Gardening With Laurie: Time to plant onions
By Laurie Garretson
It is so nice having weather that actually feels like fall. And a couple of mornings were really cold. It's only a matter of time before we're going to have to move in potted plants and cover any tender plants that are planted in the ground. Now's the time to get prepared for that job. There's no fun in waiting till the last minute to cover plants. Have all your old sheets and blankets together and easily accessible. If you prefer using frost fabric to protect your tender plants, I suggest that you go ahead and purchase them so you're not running around on the eve of a cold night trying to find some.
Cool weather also means it's time to plant onions, and the sets should be easily found. Onions are a very popular crop to grow. In fact, onions are one of the leading vegetable crops grown in the state. Onions are not only good to eat, but are good for us. Onions are loaded with natural antihistamines and help with inflammation.
There are several short-day varieties that are well suited to this area. You can grow yellow, white, red and of course the popular 1015Y type onion plants. I'm told by many growers that the sweeter onions do not store as well as the other varieties.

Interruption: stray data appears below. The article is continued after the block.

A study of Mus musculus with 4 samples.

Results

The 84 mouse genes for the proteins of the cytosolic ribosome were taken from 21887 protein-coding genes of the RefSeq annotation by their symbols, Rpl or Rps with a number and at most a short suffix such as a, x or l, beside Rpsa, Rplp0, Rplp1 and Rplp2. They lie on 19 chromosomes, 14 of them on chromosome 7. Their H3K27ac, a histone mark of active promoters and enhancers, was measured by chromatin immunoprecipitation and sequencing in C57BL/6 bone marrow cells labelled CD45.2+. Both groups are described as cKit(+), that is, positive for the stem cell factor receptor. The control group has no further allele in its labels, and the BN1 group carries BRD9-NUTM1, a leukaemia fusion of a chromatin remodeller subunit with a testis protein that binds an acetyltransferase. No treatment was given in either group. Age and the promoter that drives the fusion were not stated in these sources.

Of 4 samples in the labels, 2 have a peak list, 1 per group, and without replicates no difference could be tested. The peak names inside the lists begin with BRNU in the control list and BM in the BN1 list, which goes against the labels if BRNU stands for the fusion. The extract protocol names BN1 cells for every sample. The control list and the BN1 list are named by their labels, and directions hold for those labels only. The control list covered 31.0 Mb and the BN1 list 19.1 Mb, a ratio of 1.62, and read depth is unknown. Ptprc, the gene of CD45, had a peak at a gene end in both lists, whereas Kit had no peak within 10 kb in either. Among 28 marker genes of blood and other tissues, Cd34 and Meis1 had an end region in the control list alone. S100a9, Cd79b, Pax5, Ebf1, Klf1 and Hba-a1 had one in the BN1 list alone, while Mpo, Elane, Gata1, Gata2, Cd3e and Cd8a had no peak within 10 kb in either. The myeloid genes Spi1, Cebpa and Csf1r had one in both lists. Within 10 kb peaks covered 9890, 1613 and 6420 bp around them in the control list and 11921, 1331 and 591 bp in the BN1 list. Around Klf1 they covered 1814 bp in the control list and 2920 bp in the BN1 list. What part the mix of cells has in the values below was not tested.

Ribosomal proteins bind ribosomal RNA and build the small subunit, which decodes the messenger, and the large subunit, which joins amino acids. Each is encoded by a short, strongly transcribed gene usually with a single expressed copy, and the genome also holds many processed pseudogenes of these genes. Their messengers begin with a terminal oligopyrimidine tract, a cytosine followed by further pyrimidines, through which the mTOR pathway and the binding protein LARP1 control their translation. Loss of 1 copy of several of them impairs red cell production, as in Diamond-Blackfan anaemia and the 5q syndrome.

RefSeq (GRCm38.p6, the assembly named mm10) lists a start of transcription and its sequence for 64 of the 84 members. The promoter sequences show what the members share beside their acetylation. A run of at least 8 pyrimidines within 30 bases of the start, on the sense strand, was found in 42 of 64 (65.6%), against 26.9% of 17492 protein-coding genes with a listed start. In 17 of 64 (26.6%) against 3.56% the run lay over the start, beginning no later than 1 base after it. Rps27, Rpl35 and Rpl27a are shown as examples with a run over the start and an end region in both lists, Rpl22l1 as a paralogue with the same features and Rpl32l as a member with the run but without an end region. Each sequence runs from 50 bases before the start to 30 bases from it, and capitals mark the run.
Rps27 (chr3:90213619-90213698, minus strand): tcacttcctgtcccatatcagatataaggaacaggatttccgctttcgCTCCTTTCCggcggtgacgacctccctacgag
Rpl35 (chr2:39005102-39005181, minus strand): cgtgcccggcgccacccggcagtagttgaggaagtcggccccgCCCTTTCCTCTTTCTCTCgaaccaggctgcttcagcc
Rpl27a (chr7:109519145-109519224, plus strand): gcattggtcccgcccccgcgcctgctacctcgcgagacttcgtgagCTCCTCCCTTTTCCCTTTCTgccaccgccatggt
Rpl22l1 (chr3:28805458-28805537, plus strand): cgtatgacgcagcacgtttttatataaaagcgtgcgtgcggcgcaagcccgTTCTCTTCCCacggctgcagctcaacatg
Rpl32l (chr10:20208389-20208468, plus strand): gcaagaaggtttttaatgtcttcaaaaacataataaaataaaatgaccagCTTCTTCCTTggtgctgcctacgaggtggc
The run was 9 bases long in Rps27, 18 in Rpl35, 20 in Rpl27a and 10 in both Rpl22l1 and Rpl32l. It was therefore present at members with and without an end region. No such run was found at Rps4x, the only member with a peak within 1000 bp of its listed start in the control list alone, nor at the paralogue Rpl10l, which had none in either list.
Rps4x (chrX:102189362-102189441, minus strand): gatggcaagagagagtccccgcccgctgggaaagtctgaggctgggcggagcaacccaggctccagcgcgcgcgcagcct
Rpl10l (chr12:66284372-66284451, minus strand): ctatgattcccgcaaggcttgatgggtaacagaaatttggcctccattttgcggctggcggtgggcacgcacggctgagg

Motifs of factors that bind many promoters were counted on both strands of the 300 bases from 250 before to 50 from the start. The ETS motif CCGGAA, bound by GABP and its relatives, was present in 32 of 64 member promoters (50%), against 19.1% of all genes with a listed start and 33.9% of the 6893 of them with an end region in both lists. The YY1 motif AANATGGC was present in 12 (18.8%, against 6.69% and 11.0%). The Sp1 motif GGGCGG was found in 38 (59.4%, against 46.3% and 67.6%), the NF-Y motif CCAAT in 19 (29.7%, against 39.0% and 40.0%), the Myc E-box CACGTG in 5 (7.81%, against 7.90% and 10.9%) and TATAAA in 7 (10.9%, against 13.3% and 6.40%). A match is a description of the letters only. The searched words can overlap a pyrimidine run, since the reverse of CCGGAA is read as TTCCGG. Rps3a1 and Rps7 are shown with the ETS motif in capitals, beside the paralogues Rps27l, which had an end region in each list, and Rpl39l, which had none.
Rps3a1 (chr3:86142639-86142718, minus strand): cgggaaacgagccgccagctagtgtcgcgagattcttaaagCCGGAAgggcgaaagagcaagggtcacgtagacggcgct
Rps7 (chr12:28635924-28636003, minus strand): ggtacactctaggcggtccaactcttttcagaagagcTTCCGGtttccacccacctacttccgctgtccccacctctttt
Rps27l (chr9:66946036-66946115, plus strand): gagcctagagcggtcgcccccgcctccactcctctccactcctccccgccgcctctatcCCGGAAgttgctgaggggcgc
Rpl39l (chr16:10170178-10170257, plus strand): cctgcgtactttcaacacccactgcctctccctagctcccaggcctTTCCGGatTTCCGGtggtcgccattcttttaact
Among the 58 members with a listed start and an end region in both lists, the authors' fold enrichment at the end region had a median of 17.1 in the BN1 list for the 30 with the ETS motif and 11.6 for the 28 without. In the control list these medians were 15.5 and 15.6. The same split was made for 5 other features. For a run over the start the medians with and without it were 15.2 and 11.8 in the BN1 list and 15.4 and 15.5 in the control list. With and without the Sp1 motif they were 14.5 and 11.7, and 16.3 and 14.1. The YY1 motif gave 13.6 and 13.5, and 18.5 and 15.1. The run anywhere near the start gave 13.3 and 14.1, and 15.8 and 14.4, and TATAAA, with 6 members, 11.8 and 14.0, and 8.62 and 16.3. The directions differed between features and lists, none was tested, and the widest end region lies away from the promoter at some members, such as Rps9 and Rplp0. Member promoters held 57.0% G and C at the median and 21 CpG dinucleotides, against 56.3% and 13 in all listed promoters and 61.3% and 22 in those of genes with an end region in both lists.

Onions need full sun to bulb well and a soil that drains well. For an onion to bulb well, the soil also needs to be loose and crumbly. To loosen a hard or gumbo type soil, add compost.
If you're expecting weeds in the planting area, you can spread corn gluten meal over the planting area. Worked into the top inch of planting soil, corn gluten meal will help to prevent any weed seeds from germinating.
Work plenty of organic fertilizer into the soil before planting the onion sets. Continue feeding every couple of weeks until time to harvest. Plant each individual plant only - to 1-inch deep. Planting the plant too deep will restrict the size of the bulb and will encourage rotting.
If you plan to harvest some of the plants when they're young for green onions, plant each onion plant about 2 to 3 inches apart. When the plants are big enough to harvest for green onions, pull up every other plant. This should then give those onions left in the ground enough space to bulb and grow to maturity.
Until next time, let's try to garden with nature, not against it, and maybe all our weeds will become wildflowers.
Laurie Garretson is a Victoria gardener and nursery owner. Send your gardening questions to firstname.lastname@example.org or in care of the Advocate, P.O. Box 1518, Victoria, TX 77902.